Big Ideas / Brian's Guitar Journal

Bad Music for Good People

Here’s a crazy thought that came to me on my way into the studio this morning: We could all benefit by listening (and I mean actively listening) to more BAD music. Gentlemen, you may now faint. Ladies, you may now begin fist fighting each other… Ok. Now that the initial shock is out of your system, you will allow me to explain.

The truth is there is no such thing is BAD music. What one person thinks is brilliant, or relevant, or artistic, another person thinks is wet garbage. Opinions about music (and possibly everything else) are just ways to reflect who we are. The “I” in the phrase “I don’t like THIS” is really what we are trying to call attention to and usually elevate above the “THIS”, which is sort of irrelevant.

The main reason our opinions so often have so little to do with the music the opinion is supposed to be ABOUT, is because we simply don’t listen to BAD music. Even when we think we have listened to something, we don’t take into account the world of prejudice that is in full effect before Grandma drops the needle – your Brother pops open the jewel case – your nephew clicks the triangle – your friend who lives in Brooklyn drops the needle – or your friend who lives in Portland begins turning some sort of crank.

We often know, or think we know, what we are about to hear before we hear it. If we think we aren’t going to like it we can completely shut down without even knowing it, and thus never really hear the thing which we then go on to tell anyone who will listen, “totally sucks”. Music is more than just what the artist has done. It is fitting that we already refer to these as PIECES of music. Music in the broader sense is the reaction for which pieces of music are the potential catalysts. All pieces of music can work in this way, can create a MUSICAL REACTION, if the listener knows how to use them.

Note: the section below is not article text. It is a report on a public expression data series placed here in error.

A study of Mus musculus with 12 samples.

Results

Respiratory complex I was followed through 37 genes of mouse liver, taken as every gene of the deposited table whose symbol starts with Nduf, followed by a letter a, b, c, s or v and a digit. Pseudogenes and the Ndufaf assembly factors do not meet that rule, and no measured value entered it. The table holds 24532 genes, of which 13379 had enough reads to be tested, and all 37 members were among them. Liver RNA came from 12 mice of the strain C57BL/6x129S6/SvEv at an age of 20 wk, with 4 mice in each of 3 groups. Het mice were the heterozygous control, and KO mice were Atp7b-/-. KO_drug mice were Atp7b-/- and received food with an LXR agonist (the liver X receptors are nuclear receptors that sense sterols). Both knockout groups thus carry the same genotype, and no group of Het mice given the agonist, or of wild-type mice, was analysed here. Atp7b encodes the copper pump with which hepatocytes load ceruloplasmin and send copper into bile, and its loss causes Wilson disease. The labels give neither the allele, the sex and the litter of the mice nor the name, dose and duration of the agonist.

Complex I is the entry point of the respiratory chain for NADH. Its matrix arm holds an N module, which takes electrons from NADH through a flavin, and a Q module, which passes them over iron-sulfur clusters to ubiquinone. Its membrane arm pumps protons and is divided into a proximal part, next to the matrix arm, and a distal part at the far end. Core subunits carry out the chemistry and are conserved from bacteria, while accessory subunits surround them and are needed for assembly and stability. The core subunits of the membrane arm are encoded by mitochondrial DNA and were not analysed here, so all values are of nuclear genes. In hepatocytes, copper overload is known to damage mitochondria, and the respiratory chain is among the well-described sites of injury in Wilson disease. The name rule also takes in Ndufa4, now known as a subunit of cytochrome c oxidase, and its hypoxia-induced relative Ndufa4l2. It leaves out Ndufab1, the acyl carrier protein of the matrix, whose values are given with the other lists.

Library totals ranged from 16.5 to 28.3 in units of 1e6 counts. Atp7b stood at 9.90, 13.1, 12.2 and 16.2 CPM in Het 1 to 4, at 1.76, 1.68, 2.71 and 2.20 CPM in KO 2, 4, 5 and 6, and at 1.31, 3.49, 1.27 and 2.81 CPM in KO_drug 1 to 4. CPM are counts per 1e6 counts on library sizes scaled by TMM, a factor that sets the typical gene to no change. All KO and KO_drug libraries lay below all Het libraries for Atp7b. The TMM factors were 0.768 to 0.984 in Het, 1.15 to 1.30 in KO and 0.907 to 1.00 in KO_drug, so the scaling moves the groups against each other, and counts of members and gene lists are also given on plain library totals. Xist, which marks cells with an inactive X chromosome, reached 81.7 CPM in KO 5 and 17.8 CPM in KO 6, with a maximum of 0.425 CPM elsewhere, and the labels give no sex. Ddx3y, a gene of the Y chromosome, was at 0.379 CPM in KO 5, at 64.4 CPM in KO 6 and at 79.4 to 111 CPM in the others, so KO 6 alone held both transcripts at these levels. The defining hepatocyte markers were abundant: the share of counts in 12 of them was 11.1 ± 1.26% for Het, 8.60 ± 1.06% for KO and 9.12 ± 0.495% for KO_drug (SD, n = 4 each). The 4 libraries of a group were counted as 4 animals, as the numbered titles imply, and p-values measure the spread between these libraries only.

This is why we have to go out and listen to BAD music. I can’t tell you how to appreciate the Shins – Yo Matty B Raps – Muddy Waters – Skrillex – Culture Club – Duke Ellington – Bach – Metallica – Arthur Russell – Melt Banana – XTC – etc – mainly because that would take forever and I don’t have time for that. **BTW All of those artists I just listed are ones that people have told me, “totally suck”… except Bach. I think everyone just kind of gets Bach. Shrug. But to appreciate anything else you have to do the work. You have to assimilate it in your own unique way. Or don’t. Be miserable. I’m just trying to help you.

Anyway, the reason I wanted to write this post was really to encourage musicians to listen to BAD music. Even if you are trying to listen as actively and objectively as you can and its just a matter of taste, seek out and listen to stuff you do not like. If you want to be creative you can’t afford to become mired in your own stylistic bubble. Think of it this way, you will develop a better appreciation for the music that you do like by studying music that has NONE of those elements. There are even totally new elements about the music that you like which you will only become aware of by identifying their absence in the music you don’t like.

Last thing I will say about this is that I have observed in myself over the years that there is a certain kind of neuroses at play when I experience a strong negative reaction to a piece of music. This reaction happens because there is more to ourselves and our personalities than we are presently aware. BAD music resonates with us at some point beyond our self image, and that can be truly unsettling. We call it BAD music because, however much we like or dislike ourselves, we all have a certain aversion to change and upheaval which BAD music demands from us. BAD music speaks not to who we are now but to who we will become if we allow ourselves to listen to it. That is why we have to seek it out and try to understand it.

OK. Next time I will write about picks or strings or something. I promise.